NY Salt Mining Industry Threatened by Foreign Importers

This article is featured in the Livingston County News.

The Greater Rochester and Finger Lakes area relies on governmental policies that support local employers who create good paying jobs, provide critical domestic supplies and whose operations support other businesses and local governments.

Current state policies force municipalities to honor the lowest bid, resulting in contracts awarded to foreign rock salt companies. In many cases, the competing bids can be as close as a few cents per ton.

More and more, foreign rock salt companies have moved to undercut the domestically sourced market, importing product from sources having substandard or non-existent environmental, health, safety and workforce standards from places like Chile and Egypt. It is not a level playing field for American salt mining companies.

Salt mining is a generational vocation for many people living in Western and Central New York, and has provided a prosperous living for hundreds of New York State miners, truck drivers, and railroad workers. It has been a major economic driver in the state for decades. This is now being threatened by foreign importers.

At the moment, Gov. Kathy Hochul has the opportunity to approve new legislation designed to protect the jobs of American miners here in her own state. This year, legislation entitled the “Buy American Rock Salt Act,” sponsored by Assemblyman Harry Bronson, D-Rochester, and state Sen. Tim Kennedy, D-Buffalo, passed both houses and awaits Gubernatorial approval. With co-sponsorship from Assemblywoman Marjorie Byrnes, R-Caledonia, and state Sen. Patrick Gallivan, R-Elma, the Act passed with overwhelming bipartisan support.

Simply put, the legislation empowers the municipality by providing the option to choose rock salt mined in the United States, eliminating the requirement that municipalities must go with the lowest bid.

To be clear, the legislation does not prohibit foreign suppliers from importing rock salt, or limit their ability to bid the market in any way. There is not a tariff on imported salt, or percentage preference for American mined rock salt. What the legislation does do however, is provide the municipality the right to choose salt that is mined in the United States of America.

The New York State Buy American Salt Act legislation is a win-win in so many ways for our region. By securing good local jobs, strengthening our domestic supply chain, lowering costs for local governments and maintaining a critical, locally-sourced product to keep our roads clear and safe during our area’s harsh winters, approving this legislation just makes total sense.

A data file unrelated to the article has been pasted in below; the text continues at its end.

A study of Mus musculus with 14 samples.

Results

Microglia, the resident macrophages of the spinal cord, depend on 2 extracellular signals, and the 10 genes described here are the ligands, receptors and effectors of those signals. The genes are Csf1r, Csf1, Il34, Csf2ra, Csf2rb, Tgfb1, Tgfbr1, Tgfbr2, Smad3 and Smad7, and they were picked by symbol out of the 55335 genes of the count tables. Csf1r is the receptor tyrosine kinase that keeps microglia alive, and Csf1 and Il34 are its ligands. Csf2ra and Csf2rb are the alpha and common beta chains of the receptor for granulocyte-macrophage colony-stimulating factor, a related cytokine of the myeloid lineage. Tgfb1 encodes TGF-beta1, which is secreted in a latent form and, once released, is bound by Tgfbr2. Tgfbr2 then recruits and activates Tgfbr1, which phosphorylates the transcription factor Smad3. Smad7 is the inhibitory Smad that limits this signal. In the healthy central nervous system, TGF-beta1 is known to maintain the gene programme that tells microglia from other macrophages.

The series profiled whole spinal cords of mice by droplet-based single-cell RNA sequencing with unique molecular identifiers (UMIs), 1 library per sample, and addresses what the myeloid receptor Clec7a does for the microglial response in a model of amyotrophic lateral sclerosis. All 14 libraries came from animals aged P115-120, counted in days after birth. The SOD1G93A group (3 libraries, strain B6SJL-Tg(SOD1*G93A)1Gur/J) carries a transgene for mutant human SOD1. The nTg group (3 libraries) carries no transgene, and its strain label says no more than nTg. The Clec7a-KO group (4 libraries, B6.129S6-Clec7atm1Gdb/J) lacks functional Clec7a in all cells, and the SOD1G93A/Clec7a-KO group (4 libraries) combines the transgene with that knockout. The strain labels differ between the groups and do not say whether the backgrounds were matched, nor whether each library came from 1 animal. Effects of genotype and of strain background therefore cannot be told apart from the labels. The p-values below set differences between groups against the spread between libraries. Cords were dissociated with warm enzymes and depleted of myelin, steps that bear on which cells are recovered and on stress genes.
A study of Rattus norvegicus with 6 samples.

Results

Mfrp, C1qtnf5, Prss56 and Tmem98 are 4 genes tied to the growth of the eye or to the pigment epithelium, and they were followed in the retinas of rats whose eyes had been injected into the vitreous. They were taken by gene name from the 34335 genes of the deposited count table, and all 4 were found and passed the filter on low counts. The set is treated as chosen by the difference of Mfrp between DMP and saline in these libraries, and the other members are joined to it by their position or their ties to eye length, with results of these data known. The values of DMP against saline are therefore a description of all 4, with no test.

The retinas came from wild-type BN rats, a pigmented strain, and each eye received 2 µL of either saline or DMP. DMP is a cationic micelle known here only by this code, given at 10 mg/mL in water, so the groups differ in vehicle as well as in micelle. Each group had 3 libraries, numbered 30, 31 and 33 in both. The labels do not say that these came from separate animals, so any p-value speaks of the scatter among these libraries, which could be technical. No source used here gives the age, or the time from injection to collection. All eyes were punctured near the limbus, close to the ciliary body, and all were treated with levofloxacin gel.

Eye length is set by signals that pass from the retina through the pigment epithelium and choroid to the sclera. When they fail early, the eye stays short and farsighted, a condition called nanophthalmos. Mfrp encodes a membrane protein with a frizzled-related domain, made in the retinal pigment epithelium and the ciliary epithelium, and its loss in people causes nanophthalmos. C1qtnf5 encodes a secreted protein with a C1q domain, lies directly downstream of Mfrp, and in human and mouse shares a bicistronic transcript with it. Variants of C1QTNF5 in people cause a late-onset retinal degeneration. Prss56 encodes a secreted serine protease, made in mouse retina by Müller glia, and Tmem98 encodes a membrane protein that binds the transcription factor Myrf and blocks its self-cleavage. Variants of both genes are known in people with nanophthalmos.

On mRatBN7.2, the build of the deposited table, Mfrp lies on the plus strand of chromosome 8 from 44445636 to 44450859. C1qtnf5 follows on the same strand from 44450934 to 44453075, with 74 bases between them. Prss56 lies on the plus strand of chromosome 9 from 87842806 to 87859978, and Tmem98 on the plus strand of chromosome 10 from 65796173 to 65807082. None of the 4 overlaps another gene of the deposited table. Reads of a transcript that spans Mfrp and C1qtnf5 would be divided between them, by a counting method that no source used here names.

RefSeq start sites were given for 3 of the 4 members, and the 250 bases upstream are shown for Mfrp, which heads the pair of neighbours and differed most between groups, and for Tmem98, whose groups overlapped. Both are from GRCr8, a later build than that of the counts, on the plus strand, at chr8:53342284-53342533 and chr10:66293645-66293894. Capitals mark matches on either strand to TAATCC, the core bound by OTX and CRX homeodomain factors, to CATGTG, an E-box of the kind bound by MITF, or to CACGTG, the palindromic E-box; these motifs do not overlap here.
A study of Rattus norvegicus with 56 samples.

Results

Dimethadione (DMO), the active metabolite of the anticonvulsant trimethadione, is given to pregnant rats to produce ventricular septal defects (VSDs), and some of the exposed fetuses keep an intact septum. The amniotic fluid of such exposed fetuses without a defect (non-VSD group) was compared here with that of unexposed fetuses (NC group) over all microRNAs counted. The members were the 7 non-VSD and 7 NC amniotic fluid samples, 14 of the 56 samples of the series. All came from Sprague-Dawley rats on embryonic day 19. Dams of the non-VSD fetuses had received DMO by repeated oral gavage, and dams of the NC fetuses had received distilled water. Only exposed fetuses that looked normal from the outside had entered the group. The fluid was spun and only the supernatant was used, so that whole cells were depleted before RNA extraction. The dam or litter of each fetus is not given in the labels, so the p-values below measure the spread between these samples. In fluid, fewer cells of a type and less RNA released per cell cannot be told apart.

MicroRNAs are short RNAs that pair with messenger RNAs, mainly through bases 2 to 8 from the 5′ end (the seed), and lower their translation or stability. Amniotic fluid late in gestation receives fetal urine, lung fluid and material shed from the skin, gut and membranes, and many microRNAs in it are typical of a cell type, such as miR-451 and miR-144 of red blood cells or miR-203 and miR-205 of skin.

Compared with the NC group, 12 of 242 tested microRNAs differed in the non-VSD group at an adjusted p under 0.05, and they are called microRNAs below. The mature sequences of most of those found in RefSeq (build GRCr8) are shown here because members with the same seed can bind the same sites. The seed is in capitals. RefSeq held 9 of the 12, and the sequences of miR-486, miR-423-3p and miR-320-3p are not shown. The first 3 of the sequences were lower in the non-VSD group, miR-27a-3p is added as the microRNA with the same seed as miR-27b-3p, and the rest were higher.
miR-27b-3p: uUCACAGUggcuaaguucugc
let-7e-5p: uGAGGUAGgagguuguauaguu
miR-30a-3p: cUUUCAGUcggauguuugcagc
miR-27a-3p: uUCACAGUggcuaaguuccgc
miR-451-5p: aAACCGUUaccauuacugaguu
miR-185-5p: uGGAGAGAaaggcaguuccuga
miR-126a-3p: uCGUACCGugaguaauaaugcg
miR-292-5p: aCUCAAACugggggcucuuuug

In the spirit of the Labor Day holiday, our hope is that Governor Hochul will not VETO this legislation, and she will continue her support of New York State labor, and the American miner!

Joe Bucci Jr. is environmental, health and safety manager for American Rock Salt in Mount Morris.

Categorized as News
The extraction process begins with undercutting the mine walls level with the floor. A self-propelled undercutter carves a massive channel at the base of the deposit and across the entire room. This channel allows for a more efficient explosive blast and also helps create a smooth mine floor.
Once the mine wall is undercut a special drilling machine bores small holes into the face of the salt. Then miners will prime these holes with explosive materials and prepare to start blasting.
Miners ignite the explosives, creating a blast that dislodges 800 to 900 tons of rock salt in less than three seconds. The depth of the mine and cushion of the overburden absorbs the blast vibrations, preventing any surface damage to immediate and surrounding areas.
Huge front-end loaders transport the blasted rock salt to the primary crusher. Loaders dump their loads of salt into a powerful spinning crusher, where large pieces are quickly crushed and screened down to small pieces. The salt is then transported to the hoisting shaft where skip hoists bring the loads to the surface in a matter of seconds.
Upon reaching the surface, the salt is stored here at the mine in our huge stockpile where it is loaded and sent out to customers by rail car or by truck.